Steve Baur
Former Editor, Modified Mustangs & Fords
September 1, 2013

Turnkey Driveability

For turnkey reliability and daily driver fuel economy, Lykins opted for an electronic fuel-injection system for this application. Going with FAST's EZ-EFI system rated for 550 hp on one throttle body, this system provided plenty of fuel for this 408ci engine. "This system was extremely easy to set up," Lykins said. "Basically, the throttle body bolts on in place of any carburetor, the throttle linkage hooks right up to the throttle body, and then all of the electrical connections are made from the labeled wiring harness." There are four injectors for the throttle body, which each get their own weather-pack connection. The system comes with its own wide-band O2 sensor to read the A/F ratio, and it also has its own TPS and MAP sensors. "The beauty of the system is that it controls the fuel pump (which is included with the kit, along with a regulator), the electric fan, and will even adjust the idle speed if you flip the A/C on."

There is a handheld controller that will connect to your cigarette lighter or 12V source. On a fresh install, you tell the controller how large the engine is, which throttle body you have [this will accept (2) throttle bodies for those dual-carb setups], the desired idle speed, let the TPS see closed and wide open throttle, then you light the engine off.

For the next few minutes while the engine is warming up, the system learns and adapts the A/F ratio to the engine's needs. After that, several short pulls are made on the dyno to let the system learn the A/F ratio for part throttle and WOT situations. The rpm range can then be increased and the results can be measured. Of course, it's not possible to get every bit of information that the system needs from a dyno session. It really learns from being out in the real world, driving around, and seeing what the engine needs from various scenarios.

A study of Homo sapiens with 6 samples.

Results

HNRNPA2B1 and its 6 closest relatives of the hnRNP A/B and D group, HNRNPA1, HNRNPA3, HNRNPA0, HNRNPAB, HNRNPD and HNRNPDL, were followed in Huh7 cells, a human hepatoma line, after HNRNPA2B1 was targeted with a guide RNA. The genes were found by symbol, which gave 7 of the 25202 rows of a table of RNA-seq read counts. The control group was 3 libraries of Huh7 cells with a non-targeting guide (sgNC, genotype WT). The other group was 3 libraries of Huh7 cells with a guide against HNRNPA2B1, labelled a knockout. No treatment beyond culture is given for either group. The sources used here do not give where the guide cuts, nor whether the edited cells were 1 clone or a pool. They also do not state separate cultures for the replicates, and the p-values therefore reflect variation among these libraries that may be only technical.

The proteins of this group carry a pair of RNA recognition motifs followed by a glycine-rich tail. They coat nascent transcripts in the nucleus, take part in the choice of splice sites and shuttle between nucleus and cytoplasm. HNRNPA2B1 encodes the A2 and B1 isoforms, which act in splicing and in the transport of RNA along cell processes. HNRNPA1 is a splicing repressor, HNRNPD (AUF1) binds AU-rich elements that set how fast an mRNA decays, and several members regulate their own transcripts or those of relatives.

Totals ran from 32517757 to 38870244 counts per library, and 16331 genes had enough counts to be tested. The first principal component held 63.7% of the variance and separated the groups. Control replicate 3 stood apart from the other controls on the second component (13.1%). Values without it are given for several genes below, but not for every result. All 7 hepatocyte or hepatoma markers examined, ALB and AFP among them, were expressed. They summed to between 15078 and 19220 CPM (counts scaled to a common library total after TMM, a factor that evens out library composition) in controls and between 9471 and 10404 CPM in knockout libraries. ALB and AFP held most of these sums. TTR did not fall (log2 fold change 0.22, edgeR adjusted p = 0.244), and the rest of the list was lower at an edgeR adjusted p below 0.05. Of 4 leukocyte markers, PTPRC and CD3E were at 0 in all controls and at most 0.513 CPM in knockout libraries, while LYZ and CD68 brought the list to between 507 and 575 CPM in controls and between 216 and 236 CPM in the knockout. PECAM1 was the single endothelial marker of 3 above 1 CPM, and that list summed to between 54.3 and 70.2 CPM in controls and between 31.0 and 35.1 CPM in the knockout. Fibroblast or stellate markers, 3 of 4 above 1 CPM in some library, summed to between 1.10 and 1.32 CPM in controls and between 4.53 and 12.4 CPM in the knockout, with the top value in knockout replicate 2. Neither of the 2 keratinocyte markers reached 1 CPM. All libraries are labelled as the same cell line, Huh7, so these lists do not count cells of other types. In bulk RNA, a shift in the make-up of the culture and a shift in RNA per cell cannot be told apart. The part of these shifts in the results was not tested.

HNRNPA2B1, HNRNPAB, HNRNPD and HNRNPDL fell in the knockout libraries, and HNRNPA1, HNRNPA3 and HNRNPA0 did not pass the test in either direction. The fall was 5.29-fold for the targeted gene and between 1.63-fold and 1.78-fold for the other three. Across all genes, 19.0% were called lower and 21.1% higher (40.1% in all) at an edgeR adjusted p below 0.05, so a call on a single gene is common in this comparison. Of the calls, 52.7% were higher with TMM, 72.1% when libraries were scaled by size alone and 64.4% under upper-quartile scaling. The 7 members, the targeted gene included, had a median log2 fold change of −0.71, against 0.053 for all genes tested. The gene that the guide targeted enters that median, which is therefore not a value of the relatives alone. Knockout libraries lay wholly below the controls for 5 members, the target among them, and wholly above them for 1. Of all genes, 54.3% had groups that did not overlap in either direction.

11. With this stroked Windsor long-block buttoned up, it’s time to move on to the oil pump and pan; studs have been installed on the main caps in anticipation.
12. To supply an adequate amount of refined crude to this stout small-block, we called up Moroso and ordered a deep sump oil pan (PN 20520), and a Melling oil pump (PN M83HV) to work with the Moroso pickup (PN 24532). The fabricated Moroso oil pan holds 7 quarts of your favorite motor oil.
13. Head gaskets for the Ford small-block V-8 are from Fel Pro. With a compressed thickness of 0.040-inch, the compression ratio comes out to 9.6:1. Note the orientation marked on the gasket when installing them.
14. The Moroso deep-sump oil pan was installed, and the RHS aluminum cylinder heads follow, secured with ARP hardware.
15. Rocker arm contact on the valve stem was less than desirable, and Lykins couldn’t get the correct geometry, no matter how much he adjusted the guide plates that came with the heads.
16. To remedy this issue, Lykins ordered a set of Comp Cams adjustable guide plates, which allows you to make each individual rocker arm contact absolutely perfect. Like with the aforementioned rotating assembly clearance issue, Lykins reiterates that everything should be checked during assembly.
17. With the rocker alignment issue resolved, Lykins moved on to installing the intake manifold, which for this build, is an Edelbrock Performer RPM Air Gap (PN 7581).
18. Lykins trimmed out this 408ci Windsor with an MSD distributor, Ford Racing Performance Parts valve covers, Professional Products harmonic damper, and an aluminum Milodon water pump (PN 16230).
19. On the dynamometer, Lykins’ engine did exactly what was expected. With a slightly noticeable chop on the idle, the 408 offered up almost 390 hp at 5,000 rpm with 460 lb-ft of torque to back it up—certainly enough to pull an 8,000-pound trailer, while still having some “go” to back up the ’52 Ford’s looks.